The Friends of the Astoria Armory are closing in on a loan with Craft3 to purchase and improve the aging venue
By Edward Stratton

The Daily Astorian

Published on November 3, 2017 8:12AM

Last changed on November 5, 2017 9:20PM

Roger Jaime, who runs Pacific Northwest Professional Wrestling and performs under the persona C.C. Poison, is bringing his high-flying act to the Astoria Armory.

Joshua Bessex/The Daily Astorian

Roger Jaime, who runs Pacific Northwest Professional Wrestling and performs under the persona C.C. Poison, is bringing his high-flying act to the Astoria Armory.


Joshua Bessex/The Daily Astorian

The gym floor of the Astoria Armory, which used to host the matches of the Shanghaied Roller Dolls, will soon be home to Pacific Northwest Professional Wrestling.


Pacific Northwest Professional Wrestling is moving into the community space after the recent closure of the Astoria Event Center and will hold shows the last Sunday of each month, starting Nov. 26.

Roger Jaime, who runs the wrestling league and performs under the glam-rocker persona C.C. Poison, said he found out in The Daily Astorian about a week before his last show that his venue for the past decade would be closing. The event center had been operated by Port of Call Bistro & Bar owner Marvin James Sawyer, who was ordered out at the end of October.

“I contemplated retiring, because I’m about 53 now,” Jaime said.

After talking with his wrestlers, Jaime reached out to the Astoria Armory, a nonprofit community center that hosts all manner of low-cost, family friendly entertainment, from Friday skate nights, roller derby and donkey basketball to free holiday meals and pictures with Santa Claus. The venue’s signature draw, the Shanghaied Roller Dolls roller derby team, recently disbanded.

The Armory was immediately receptive to hosting Jaime’s wrestling show, he said.

The cavernous gym at the Armory is exponentially larger than the single-story event center, leaving Jaime to figure out a seating arrangement that doesn’t make the venue seem too empty. Wrestling nights usually draw around 75 attendees a month, including 50 to 60 diehard fans for whom he keeps a monthly storyline going, Jaime said.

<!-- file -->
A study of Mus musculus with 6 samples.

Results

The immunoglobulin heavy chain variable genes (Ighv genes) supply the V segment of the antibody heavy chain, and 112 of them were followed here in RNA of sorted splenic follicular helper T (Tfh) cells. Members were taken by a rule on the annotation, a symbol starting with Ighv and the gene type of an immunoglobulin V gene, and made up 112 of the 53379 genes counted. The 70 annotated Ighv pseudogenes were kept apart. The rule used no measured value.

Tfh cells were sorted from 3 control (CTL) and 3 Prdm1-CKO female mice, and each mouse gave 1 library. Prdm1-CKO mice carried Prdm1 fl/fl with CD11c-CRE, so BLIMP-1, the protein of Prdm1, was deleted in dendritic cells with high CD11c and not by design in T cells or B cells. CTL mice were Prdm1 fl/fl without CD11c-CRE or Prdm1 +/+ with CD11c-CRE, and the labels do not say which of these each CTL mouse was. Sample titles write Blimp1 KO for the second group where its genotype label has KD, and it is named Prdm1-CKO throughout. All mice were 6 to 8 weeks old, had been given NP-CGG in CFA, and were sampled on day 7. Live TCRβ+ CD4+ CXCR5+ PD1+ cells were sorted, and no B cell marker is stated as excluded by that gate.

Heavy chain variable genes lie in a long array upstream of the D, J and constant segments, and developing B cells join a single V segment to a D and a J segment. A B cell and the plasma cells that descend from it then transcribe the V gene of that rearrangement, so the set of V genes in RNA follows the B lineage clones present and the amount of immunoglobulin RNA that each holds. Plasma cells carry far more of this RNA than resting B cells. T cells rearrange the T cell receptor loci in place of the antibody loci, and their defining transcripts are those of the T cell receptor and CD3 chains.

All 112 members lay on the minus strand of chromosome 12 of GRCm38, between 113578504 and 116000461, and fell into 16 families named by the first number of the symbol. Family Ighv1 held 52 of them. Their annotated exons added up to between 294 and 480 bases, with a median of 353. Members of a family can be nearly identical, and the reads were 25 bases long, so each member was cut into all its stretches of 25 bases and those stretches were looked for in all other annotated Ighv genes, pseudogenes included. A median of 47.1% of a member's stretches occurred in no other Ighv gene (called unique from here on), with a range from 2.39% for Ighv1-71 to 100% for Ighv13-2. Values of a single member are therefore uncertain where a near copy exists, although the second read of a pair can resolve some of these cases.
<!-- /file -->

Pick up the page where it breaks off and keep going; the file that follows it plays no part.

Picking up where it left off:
“We really gear our shows toward kids,” he said. “There’s no bad language. There’s no blood, unless there’s an accident.”

Jaime plans on retiring from the ring in the coming years, but said he’ll keep on as an owner, promoter and possibly a commissioner character. He also hopes to bring some of his KISS, Poison and ZZ Top tribute bands to the Armory.


Nearing purchase


The Friends of the Astoria Armory, the nonprofit that runs the community center, has been trying to close on a $500,000 loan with lender Craft3 to purchase and improve the venue. But the building has faced numerous cleanups from historical issues, from asbestos and lead contamination from a firing range in the basement to underground oil tanks. In April, high winds blew off portions of the roof, exposing the gym floor to rain.

Mike Davies, president of the nonprofit, said the lead contamination has been cleaned up, and a new roof installed. The nonprofit hopes to be in possession of the Armory by the end of the year.

Carl Seip, a spokesman for Craft3, said the lender hopes to finish its due diligence soon. The nonprofit could then get a loan to purchase the building.

“This has been a lengthy process, as it usually is when dealing with volunteer nonprofit boards, and certainly in situations with structures that are historic and suffer from deferred maintenance,” he said.